Wednesday, April 16, 2014

Bread and Jam for Frances

Sometimes, I think my kids are going to develop vitamin deficiencies. I worry constantly about how much brown food they eat. And about how little colorful food they eat (I'm told rainbow sprinkles is not what they mean when they tell you to "eat a rainbow of food."). My pediatrician assures me that "toddlers seem to grow on air," and that my job is to just keep offering a variety of foods at every meal, and not fight about it. And that I shouldn't worry. But, telling me not to worry is like telling me not to breathe. It's just what I do.

On yet another night when my children ate little other than noodles for dinner, they chose Bread and Jam for Frances for their bedtime story. The book was new to our house, and it was our first time reading it--my first, as well as theirs. I'm not sure who enjoyed the story more. I suspect it might have been me, but just by a narrow margin.

Frances is a little girl (well, a badger, actually, but a thoroughly anthroprmorphized badger). She is a very, very picky eater. It seems whatever her family eats, she sings a hilarious little song about it, and then just eats bread and jam instead. Until her mother gets fed up with it. At which point she decides that Frances will only be offered bread and jam each meal. At first, this pleases Frances immensely. Until it doesn't. And then she finally relents and starts trying new things.

I seriously love this book. A lot. It might actually be my favorite children's book at the moment. Why? Let me count the ways.

1. Frances. Though this book is older (originally published in 1964), Frances is a very modern little girl. She is smart, outspoken, and very funny. I love her little songs. She sings to her soft-boiled egg, "I do not like the way you slide. I do not like your soft inside. I do not like you lots of ways. And I could go for many days, Without eggs." I feel the same way, though I never put the reasons quite so elegantly. Another song has become a family refrain for us (often when we make a meal that produces way too many servings of leftovers). "Jam for snacks and jam for meals. I know how a jam jar feels--FULL...OF...JAM!" I love it. I just cannot get enough of Frances and her sassy songs.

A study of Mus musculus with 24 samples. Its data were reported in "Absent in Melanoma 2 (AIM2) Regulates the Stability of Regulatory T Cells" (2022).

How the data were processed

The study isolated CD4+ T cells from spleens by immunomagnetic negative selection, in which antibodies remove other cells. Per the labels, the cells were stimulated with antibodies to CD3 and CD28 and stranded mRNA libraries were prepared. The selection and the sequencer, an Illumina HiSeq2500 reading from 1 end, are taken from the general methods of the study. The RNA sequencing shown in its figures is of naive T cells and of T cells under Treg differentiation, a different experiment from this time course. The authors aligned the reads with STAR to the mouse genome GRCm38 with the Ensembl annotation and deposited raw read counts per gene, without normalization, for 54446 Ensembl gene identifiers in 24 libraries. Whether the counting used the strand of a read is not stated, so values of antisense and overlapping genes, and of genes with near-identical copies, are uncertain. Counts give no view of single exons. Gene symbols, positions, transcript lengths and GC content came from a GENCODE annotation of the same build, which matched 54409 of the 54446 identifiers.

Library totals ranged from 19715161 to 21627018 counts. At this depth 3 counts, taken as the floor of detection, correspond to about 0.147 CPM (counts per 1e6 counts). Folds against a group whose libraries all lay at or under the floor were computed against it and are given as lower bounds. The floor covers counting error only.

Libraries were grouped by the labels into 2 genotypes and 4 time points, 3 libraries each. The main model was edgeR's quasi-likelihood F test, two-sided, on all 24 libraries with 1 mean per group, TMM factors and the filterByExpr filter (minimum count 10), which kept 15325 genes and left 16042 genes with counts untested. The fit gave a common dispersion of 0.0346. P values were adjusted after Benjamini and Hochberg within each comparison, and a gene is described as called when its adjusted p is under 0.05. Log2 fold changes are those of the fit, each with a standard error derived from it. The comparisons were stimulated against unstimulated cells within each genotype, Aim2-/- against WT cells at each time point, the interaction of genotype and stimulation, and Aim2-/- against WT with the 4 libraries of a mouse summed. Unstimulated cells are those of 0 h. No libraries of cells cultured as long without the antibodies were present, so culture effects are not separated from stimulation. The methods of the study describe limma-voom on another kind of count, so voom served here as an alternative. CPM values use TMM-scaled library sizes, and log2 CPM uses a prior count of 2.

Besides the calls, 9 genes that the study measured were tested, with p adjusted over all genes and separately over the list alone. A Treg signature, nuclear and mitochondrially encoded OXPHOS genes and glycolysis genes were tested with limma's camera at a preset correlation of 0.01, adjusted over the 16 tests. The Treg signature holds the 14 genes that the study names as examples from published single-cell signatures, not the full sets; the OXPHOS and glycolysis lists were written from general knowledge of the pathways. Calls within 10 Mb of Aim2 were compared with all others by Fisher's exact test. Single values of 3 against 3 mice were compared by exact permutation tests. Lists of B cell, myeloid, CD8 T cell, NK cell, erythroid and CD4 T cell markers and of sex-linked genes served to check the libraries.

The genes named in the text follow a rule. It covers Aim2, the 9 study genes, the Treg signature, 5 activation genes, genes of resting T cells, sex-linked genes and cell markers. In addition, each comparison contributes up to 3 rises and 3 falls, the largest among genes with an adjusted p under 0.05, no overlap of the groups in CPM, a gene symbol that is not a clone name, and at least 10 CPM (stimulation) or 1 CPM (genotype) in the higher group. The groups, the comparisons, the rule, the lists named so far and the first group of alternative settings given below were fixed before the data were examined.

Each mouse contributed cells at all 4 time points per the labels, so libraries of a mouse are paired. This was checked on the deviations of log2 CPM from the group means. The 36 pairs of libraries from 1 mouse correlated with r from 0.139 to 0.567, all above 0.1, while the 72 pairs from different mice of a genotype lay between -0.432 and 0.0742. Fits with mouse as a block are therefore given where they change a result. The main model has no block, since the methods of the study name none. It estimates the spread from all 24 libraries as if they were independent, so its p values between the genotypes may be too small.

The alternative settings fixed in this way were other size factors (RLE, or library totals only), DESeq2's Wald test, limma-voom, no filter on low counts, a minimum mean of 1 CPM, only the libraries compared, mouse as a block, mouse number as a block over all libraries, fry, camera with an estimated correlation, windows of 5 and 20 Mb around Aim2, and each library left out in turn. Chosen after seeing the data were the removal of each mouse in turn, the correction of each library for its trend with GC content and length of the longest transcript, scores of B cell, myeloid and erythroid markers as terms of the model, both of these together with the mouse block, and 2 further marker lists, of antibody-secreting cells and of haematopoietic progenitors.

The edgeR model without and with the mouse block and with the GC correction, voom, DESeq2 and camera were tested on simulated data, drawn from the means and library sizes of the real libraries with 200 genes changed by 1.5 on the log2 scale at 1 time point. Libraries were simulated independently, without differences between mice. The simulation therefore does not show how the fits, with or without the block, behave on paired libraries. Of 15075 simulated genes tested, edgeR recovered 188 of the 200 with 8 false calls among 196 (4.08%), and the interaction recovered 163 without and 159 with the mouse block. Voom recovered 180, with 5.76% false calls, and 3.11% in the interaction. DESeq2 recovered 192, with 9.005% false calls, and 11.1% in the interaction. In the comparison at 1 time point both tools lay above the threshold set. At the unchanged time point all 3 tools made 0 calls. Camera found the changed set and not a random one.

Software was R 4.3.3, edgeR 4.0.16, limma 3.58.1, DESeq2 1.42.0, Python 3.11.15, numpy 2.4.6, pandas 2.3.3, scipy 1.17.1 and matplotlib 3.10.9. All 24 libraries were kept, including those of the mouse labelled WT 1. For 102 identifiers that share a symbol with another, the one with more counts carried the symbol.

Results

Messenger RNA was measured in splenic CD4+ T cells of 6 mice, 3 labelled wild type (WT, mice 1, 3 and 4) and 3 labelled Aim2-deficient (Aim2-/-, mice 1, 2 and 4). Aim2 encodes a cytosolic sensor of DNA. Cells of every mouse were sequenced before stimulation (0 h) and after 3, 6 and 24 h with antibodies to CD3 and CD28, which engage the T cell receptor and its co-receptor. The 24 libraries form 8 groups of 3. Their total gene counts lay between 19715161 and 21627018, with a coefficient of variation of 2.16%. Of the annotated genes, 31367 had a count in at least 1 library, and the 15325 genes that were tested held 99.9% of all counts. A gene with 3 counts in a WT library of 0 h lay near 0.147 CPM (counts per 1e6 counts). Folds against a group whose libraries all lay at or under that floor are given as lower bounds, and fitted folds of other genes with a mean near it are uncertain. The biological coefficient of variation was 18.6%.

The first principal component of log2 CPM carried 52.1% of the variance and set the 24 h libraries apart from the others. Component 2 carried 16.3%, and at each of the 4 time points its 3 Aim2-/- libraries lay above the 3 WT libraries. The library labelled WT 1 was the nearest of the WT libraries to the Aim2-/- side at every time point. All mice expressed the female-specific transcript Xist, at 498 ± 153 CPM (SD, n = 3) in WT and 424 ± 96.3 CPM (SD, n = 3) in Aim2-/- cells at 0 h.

2. Frances's mother. She is quite a character. A character I identify with and appreciate. It is also obvious where Frances got her sense of humor. After a few meals and snacks of bread and jam, Frances asks her mother, "Aren't you worried that maybe I will get sick and all my teeth will fall out from eating so much bread and jam?" Her mother answers, "I don't think that will happen for quite a while. So eat it all up and enjoy it." I actually laughed out loud at that scene the first time I read it. Mother has the best semi-sarcastic, understated, funny lines. She is so much fun to read.

3. Food. I am a sucker for books about food. (As evidenced by my 350+ cookbooks. But that is a whole different blog, and probably a problem.) This book shows such respect for good food. And the foods are delightfully dated. How early 1960s Frances and Albert's lunches are! So fun! At the end of the book, Frances has a thermos with cream of tomato soup, a lobster-salad sandwich on thin white bread, celery, carrot sticks, black olives, two plums, a tiny basket of cherries, and vanilla pudding with chocolate sprinkles. Albert has a cream cheese-cucumber-and-tomato sandwich on rye bread, a pickle, a hard-boiled egg (with a cardboard shaker of salt to go with it), a bunch of grapes, a tangerine, a cup of custard, and a thermos of milk. So elaborate. So unlike Lunchables. You could almost see a Betty Draper-type housewife lovingly packing such a lunch. My foodie self is completely enamoured with the retro foods, so carefully described, in this book.

4. The lesson. Even with Frances being a little sassy, the point comes across loud and clear. Food is fun. Bread and jam gets boring. Try something new. You might even like it. Oh, and don't underestimate Mother. She will win. Every time.

If you have a fussy eater, you need to go read this book. Even if it doesn't change your child's mind, you will empathize, and get a good laugh in the process. Perhaps we should all start singing little songs to our meals.